The European Central Bank has been hit by new lawsuits from German eurosceptic politicians over its vast bond-buying programme, several sources said Tuesday.
The latest legal challenge against the ECB's "quantitative easing", or QE, programme was filed before Germany's Constitutional Court in Karlsruhe by Peter Gauweiler, a former lawmaker and opponent to Greece's EU-IMF bailout.
Gauweiler charged in a statement that the ECB "does not have the right to actively create such inflation... through massive monetary interventions".
Another challenge has been filed by the Alliance for Progress and Renewal (ALFA), a new party founded by Bernd Luecke, the former chief of anti-euro party Alternative for Germany (AfD) who quit over a spat with the right wing of the movement.
Luecke charged in September that the ECB's rock-bottom interest rates are slashing the returns of savers, spelling a de-facto "expropriation", and that European savers are "financing the sovereign debt of Greece and other troubled eurozone countries".
The Karlsruhe court was not immediately available for comment, while the ECB declined to comment.
The ECB launched in March a scheme to buy more than 1.1 trillion euros in sovereign bonds at a rate of 60 billion euros per month at least until September 2016, in order to kick-start inflation, which slowed to minus 0.1 percent in September.
While falling prices might appear to be good for consumers, they can be poisonous to the economy by creating a vicious circle of falling demand and fewer jobs.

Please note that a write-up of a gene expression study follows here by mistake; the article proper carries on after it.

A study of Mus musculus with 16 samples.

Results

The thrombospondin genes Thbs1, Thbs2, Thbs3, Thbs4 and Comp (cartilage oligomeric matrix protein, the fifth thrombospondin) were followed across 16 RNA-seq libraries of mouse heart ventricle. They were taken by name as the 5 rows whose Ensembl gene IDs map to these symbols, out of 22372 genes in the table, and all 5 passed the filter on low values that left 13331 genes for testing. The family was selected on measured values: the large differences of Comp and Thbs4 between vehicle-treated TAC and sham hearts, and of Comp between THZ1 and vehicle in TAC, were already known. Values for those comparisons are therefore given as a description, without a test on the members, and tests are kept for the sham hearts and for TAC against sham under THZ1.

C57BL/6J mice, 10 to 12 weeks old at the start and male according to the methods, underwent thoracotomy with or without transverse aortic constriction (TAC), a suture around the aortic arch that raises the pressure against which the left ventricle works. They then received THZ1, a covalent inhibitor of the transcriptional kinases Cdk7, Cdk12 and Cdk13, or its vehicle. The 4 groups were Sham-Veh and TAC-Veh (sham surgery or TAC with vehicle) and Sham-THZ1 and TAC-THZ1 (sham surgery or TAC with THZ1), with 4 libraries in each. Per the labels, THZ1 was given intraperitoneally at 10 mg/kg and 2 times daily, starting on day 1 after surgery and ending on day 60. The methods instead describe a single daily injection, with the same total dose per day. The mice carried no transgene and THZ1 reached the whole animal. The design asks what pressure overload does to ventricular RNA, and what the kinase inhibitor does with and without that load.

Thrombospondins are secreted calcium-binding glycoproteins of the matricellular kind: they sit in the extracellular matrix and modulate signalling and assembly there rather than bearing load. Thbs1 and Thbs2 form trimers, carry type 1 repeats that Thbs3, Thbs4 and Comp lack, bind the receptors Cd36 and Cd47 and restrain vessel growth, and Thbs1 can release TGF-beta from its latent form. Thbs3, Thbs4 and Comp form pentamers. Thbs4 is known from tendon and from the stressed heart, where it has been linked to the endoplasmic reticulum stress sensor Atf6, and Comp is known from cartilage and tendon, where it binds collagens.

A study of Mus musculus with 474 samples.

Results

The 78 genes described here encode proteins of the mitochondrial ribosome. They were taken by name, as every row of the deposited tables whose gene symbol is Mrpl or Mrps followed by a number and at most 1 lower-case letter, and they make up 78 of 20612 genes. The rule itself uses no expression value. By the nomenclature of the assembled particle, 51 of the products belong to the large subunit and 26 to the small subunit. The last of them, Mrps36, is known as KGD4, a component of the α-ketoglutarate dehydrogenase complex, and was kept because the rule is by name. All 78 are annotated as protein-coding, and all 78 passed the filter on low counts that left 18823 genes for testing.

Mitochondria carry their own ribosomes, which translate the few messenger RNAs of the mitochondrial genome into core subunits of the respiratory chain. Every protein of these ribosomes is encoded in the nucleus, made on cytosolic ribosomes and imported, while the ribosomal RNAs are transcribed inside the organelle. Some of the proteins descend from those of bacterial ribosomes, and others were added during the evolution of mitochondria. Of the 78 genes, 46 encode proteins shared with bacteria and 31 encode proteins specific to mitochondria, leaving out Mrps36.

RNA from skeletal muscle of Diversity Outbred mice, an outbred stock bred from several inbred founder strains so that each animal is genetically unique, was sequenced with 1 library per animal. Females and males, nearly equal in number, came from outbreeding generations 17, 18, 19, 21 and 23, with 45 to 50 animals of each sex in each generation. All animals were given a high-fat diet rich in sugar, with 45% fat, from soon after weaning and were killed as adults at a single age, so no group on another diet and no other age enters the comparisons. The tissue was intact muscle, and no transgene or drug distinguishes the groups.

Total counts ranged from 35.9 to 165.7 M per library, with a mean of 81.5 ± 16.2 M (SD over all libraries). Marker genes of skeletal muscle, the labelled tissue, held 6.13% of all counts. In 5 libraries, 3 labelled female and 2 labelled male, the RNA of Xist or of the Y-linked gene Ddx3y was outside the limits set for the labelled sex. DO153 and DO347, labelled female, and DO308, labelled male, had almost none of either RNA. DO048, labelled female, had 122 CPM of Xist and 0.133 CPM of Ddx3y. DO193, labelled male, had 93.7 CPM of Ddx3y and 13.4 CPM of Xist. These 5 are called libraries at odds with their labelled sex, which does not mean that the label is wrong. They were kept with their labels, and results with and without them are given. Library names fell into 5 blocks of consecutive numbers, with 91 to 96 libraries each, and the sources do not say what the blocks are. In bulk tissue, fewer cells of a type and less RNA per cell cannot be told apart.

The fear is that deflation could become entrenched if consumers delay purchases in the hope of lower prices later, which in turn prompts companies to hold off investment.
German politicians have failed in previous challenges against eurozone monetary policy.
In June the ECB scored a landmark victory when the EU's top court ruled its scheme to buy potentially unlimited amounts of government bonds was legal.
A number of groups of German eurosceptics had contested the ECB's OMT -- or Outright Monetary Transactions -- programme, unveiled in 2012, claiming it overstepped the central bank's mandate and was effectively a way of printing money to pay off a government's debt.
The verdict marked an important milestone for ECB chief Mario Draghi who had vowed in 2012 to do "whatever it takes" to prevent a break-up of the single currency area.